India escaped a meltdown, widely credited to the ‘safe’ banking practised by its banks, but the question remains as to how banks have actually fared in risk management and what the future holds.
The basic features of the sector, namely the dominance of government, owned banks (PSBs), continued reliance on the narrow banking model and the overarching role as the prime supporter of the government’s borrowing programme. All three are inter-related and have a deep bearing on their performance as well as in understanding risk management.
First, PSB dominance (over 75 per cent of total assets, deposits and advances) has meant a massive branch banking structure and a high-volume, low-value business model. Over 83 per cent of total borrowing accounts are small (under Rs 0.02 mn) and constitute about 10 per cent of total credit outstanding, with deposits and advances constituting about 75 per cent of the balance sheet, the cost of doing business is high, though it has led to the widespread reach of banking.
Secondly, a ‘narrow’ banking business model has led to a large reliance on interest spreads for profitability: about 88 per cent of income is from interest; foreign banks and private banks score over the PSBs in this regard- they have larger proportions of fee-based income that not only insulates them somewhat from credit risks but gives them better market valuations; the narrow banking model clearly limits profitability, since it is an accepted fact that banking is a low value-added activity commanding. This is amply borne out by the slim RoAs recorded by the sector (0.81 in 2013 and 1.04 in 2013), caused largely by PSBs ( RoA of 0.5 in 2014, down from 0.88 in 2013).
Unduly risk averse?
This brings us to the question of whether the narrow banking model has served us well or whether Indian banks have been unduly risk averse and forgone higher returns in the quest for safety. We can look at a few ratios to gauge the risk appetite of the sector.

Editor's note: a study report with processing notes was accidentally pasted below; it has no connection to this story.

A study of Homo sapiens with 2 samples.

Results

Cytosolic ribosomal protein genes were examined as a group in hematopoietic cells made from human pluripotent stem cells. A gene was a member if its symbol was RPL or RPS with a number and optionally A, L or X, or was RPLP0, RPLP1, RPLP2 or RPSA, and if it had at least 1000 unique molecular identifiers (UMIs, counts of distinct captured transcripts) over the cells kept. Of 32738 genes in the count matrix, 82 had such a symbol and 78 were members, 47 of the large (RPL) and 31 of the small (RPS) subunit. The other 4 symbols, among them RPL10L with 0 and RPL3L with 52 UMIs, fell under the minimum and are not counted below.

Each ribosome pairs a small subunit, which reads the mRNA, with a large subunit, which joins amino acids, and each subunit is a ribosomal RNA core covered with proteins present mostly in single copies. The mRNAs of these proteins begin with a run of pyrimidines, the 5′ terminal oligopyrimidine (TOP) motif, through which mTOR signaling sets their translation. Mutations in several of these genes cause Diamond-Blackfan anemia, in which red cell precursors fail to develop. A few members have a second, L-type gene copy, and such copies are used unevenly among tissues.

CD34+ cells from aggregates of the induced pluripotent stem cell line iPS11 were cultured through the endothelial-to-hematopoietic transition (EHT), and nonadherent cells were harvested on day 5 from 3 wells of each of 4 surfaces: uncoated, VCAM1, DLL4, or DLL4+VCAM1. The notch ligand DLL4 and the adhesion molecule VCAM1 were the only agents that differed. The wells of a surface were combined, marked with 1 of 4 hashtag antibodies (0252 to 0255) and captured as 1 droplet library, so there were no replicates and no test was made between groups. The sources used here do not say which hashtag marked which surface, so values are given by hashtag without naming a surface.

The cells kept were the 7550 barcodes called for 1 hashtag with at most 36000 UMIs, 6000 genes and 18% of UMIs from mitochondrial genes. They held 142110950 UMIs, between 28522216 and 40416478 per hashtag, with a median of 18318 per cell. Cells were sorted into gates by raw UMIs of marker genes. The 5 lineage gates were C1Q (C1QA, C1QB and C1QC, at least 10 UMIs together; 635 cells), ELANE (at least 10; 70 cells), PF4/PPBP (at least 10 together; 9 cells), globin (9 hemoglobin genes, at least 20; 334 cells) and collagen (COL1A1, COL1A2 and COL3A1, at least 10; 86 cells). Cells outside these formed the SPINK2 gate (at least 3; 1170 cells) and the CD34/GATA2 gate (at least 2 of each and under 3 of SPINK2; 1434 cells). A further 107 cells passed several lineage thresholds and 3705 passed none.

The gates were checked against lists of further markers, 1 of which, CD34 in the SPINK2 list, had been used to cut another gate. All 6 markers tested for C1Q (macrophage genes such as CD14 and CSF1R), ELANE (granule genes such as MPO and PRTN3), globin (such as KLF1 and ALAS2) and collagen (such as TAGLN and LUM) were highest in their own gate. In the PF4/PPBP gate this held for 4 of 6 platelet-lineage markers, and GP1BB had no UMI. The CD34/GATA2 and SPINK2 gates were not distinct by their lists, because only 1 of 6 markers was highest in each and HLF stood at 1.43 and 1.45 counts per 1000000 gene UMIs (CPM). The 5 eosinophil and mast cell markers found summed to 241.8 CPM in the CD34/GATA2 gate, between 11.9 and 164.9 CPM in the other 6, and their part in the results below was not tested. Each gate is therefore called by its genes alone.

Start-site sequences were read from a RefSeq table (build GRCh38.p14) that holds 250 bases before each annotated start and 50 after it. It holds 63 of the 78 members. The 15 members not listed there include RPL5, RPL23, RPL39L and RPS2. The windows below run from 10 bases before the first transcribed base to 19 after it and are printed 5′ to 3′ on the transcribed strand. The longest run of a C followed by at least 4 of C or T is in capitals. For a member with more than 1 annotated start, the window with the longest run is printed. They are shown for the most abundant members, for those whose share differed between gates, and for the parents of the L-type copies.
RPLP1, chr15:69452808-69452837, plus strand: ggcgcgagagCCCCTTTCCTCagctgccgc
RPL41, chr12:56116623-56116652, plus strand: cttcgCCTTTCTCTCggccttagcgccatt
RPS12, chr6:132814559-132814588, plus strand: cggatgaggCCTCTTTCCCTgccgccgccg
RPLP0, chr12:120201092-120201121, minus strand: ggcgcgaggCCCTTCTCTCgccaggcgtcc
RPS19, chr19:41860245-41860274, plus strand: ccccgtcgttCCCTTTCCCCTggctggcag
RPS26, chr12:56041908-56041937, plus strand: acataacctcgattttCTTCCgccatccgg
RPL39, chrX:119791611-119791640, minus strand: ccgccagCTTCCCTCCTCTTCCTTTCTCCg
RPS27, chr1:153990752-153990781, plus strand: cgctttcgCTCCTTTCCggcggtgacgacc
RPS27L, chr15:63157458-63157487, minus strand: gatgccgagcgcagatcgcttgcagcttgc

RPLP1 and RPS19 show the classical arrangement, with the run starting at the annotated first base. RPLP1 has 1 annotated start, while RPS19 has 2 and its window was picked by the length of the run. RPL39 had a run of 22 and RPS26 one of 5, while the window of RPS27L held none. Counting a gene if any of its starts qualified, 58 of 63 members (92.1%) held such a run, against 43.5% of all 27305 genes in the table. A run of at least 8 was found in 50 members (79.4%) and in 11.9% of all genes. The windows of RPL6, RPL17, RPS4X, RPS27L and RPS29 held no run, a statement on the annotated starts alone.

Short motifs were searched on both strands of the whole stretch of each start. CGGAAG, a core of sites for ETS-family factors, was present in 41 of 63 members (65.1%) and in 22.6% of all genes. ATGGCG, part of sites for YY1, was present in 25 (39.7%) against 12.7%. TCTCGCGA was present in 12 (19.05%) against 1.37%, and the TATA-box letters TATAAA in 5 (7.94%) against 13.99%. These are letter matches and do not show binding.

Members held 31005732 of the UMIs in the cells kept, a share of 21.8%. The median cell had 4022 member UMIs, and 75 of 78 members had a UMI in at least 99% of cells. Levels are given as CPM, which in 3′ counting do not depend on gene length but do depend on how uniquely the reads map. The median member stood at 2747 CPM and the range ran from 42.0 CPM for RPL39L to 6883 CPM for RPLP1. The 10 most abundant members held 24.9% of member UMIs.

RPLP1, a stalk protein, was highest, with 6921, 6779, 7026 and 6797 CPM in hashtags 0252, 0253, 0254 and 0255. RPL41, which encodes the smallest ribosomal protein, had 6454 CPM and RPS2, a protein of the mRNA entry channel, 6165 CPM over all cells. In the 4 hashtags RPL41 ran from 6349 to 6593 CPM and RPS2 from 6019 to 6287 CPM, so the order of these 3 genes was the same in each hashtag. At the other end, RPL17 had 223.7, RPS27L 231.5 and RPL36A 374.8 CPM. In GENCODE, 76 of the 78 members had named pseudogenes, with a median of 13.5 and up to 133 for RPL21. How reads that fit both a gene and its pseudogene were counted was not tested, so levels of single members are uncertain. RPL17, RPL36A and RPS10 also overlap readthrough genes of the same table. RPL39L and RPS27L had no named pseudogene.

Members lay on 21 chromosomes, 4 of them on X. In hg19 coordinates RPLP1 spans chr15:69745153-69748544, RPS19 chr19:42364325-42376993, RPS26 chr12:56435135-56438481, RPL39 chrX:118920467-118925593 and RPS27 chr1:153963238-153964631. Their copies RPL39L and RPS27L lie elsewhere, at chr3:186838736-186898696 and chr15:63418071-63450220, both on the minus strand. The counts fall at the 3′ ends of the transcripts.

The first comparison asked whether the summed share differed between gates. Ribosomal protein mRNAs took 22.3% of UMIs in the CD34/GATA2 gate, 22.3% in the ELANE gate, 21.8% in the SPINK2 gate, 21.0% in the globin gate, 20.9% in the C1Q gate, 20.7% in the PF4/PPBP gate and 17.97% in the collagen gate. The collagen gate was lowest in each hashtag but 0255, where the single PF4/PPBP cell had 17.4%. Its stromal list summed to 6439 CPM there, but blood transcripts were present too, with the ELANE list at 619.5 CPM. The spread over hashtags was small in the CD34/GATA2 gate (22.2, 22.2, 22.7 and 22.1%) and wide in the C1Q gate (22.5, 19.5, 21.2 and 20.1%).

The table represents averages over the past 5 years (2010-14). Overall Investment Deposit Ratio at about 35 is significant, considering the much lower statutory requirement (25 per cent), (over 75 per cent of investments are in government and approved securities). Non-approved securities were quite low for PSBs, while foreign and private banks had much higher shares. Consequently the CD ratio has remained around 77 (again, largely due to PSBs, while other banks had higher CD ratios).
Preference for safety…
There are several reasons for this apparent risk aversion. Historically, banks have been financing the bulk of the government’s market borrowing programme, which is why SLR ratios were as high as 35-40 per cent in the past. As if to offset this, these investments were allowed zero risk weights, which helped boost the CRAR, without actually raising additional capital. Further, there were restrictions on exposure to risky products (equity, derivatives and OTC products). Finally, with government as the owner of the major part of the system, there was no real shareholder pressure to improve returns on equity; nor was there a ‘culture’ of risk-taking, so to speak. The need to support government borrowing and other mandated forms of lending (priority sector), pre-empted resources for other avenues. This has become so operationally embedded that even with continuous lowering of SLR, investment ratios are well in excess, indicating preference for safety.
The subdued demand for bank credit and the mounting levels of NPAs also have much to do with the cautious approach to lending; but the fact remains that decades of narrow banking have dented innovation and risk taking. An important reason has been the need to shore up CRR for Basel 3 compliance, without raising massive amounts of capital, for which cutting down risk weighted assets was a softer-option.